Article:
Studies in Scarlet and Pink

So for the Holmes in a Year readathon the next thing up was A Study in Scarlet.   I wasn’t going to read it, because I read it a couple years ago and didn’t think that much of it, but I reread my lousy review  (okay, I don’t think it’s lousy, I just re-reread it and said much the same as now) and that and the fact I couldn’t remember it after only two years I decided to read it again.   It’s pretty short.   A fastish read.   And it starts off great – we meet Holmes and Watson and they meet each other.   A body turns up in an abandoned house in Brixton and Holmes does his thing to the admiration of Watson.   LeStrade apparently looks like a weasel.  There are two Scotland Yard detectives who follow the wrong paths while Holmes follows the right one.   It’s quite enjoyable though any number of his deductions are dubious at best.  Study in Scarlet is the first Holmes book, though we’re reading them not as Doyle wrote them, but as Holmes presumably lived them.  And he springs to life fully created.   The Holmes we all know and love is right there from the opening pages.   My problem with this book is the long chapters in the second part that fill in the back story in tremendous and, to me, tedious detail.   It goes off a cliff when it switches abruptly to 50 years earlier in the American West.   A man and a young girl are saved from imminent doom in the desert by the Mormons heading out to found Salt Lake City.   The Mormons are willing to save them if the man and his adopted daughter follow their creed.   So they do, but they don’t really believe it and this leads to trouble down the line.  But the Mormons are not to be trifled with.  They are portrayed as pretty darned evil and the root cause of the murder 50 years later.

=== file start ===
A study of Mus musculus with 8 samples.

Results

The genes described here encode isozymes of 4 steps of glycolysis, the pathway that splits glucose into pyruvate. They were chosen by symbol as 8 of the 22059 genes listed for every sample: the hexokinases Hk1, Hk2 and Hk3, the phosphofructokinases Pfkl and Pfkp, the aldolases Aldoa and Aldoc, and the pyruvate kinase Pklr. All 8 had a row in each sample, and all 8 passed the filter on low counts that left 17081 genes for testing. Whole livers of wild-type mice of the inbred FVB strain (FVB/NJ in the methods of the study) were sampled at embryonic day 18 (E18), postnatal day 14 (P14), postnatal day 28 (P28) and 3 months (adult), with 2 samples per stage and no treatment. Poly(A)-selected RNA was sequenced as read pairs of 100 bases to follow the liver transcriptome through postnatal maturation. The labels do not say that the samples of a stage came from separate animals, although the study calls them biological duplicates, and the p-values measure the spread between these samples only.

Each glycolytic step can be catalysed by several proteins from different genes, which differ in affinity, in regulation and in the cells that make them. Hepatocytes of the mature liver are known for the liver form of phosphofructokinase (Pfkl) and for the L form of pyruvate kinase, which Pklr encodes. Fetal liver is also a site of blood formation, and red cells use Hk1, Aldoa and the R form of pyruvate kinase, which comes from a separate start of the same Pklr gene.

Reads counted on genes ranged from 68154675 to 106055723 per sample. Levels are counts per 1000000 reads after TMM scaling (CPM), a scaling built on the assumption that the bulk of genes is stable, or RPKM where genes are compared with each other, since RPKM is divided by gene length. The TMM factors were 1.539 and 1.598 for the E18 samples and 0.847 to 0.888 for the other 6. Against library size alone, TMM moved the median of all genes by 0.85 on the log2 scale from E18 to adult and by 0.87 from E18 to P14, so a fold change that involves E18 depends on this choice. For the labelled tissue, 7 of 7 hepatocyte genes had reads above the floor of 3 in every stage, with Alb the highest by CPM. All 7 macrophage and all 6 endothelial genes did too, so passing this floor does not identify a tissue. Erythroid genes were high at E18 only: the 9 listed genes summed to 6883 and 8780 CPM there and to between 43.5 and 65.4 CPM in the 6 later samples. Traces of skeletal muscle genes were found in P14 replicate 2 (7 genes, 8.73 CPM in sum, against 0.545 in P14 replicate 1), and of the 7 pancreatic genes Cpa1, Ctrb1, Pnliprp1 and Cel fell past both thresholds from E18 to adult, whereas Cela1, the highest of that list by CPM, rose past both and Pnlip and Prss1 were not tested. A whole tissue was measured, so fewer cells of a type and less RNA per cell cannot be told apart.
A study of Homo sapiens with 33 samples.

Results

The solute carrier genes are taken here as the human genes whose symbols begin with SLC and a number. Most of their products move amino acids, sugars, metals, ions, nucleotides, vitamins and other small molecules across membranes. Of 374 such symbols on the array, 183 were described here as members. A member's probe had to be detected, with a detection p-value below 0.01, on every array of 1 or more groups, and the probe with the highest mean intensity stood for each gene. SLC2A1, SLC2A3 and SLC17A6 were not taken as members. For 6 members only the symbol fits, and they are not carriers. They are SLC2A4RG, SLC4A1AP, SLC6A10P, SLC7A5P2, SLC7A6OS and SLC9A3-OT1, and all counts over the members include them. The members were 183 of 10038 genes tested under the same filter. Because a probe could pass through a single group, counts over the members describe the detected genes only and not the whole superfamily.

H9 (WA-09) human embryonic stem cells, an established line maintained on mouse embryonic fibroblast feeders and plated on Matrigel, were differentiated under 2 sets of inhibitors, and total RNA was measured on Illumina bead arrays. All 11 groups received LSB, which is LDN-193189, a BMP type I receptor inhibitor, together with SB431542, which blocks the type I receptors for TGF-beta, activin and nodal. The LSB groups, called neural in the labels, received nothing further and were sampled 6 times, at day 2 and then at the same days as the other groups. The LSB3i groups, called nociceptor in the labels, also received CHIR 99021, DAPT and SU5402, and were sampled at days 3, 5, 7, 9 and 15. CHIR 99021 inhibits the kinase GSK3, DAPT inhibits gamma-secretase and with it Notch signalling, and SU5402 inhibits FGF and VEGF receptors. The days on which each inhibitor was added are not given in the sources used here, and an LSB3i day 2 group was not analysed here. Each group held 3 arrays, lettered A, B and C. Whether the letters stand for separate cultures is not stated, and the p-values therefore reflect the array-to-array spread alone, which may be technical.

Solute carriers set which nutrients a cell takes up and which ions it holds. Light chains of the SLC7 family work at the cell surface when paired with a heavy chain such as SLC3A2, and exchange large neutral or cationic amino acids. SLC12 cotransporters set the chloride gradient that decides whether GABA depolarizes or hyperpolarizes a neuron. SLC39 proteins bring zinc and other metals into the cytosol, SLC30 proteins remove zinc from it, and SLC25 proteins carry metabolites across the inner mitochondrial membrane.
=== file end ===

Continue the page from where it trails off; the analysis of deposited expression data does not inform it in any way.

Having Scarlet fresh in my mind I rewatched a Study in Pink – the first Sherlock episode.


Very interesting to see what was kept and how it was used in the modern story.   There’s the obvious – an Army doctor wounded in Afghanistan and the world’s only consulting detective – but there are less obvious things.   People being poisoned, but how.   In the new one they are apparently suicides. There’s the letters r-a-c-h-e  written at the scene of the crime.    There are the pills — which I can’t talk about because it’s a spoiler for either one, but I like what was done with that idea in the new version even though in both versions it’s basically unbelievable.   (I was going to say ‘hard to swallow’ but I restrained myself.   Aren’t you lucky?)

So, overall, A Study in Scarlet is half entertaining, maybe two-thirds.   A Study in Pink is highly entertaining although actually ludicrous as well.   So, if you haven’t seen it, stop reading, but I need to note these things down for myself if for no one else.  [Spoiler] The point where the police are there and they figure out the phone is there too and no one pays any attention to the cabbie that just pulled up is moronic.   I realize everyone but Sherlock is supposed to be not all that bright, but they’re not complete idiots and yet… there they are. [/Spoiler]

So both have flaws, but both are worthwhile if you cut them some slack and particularly if taken together.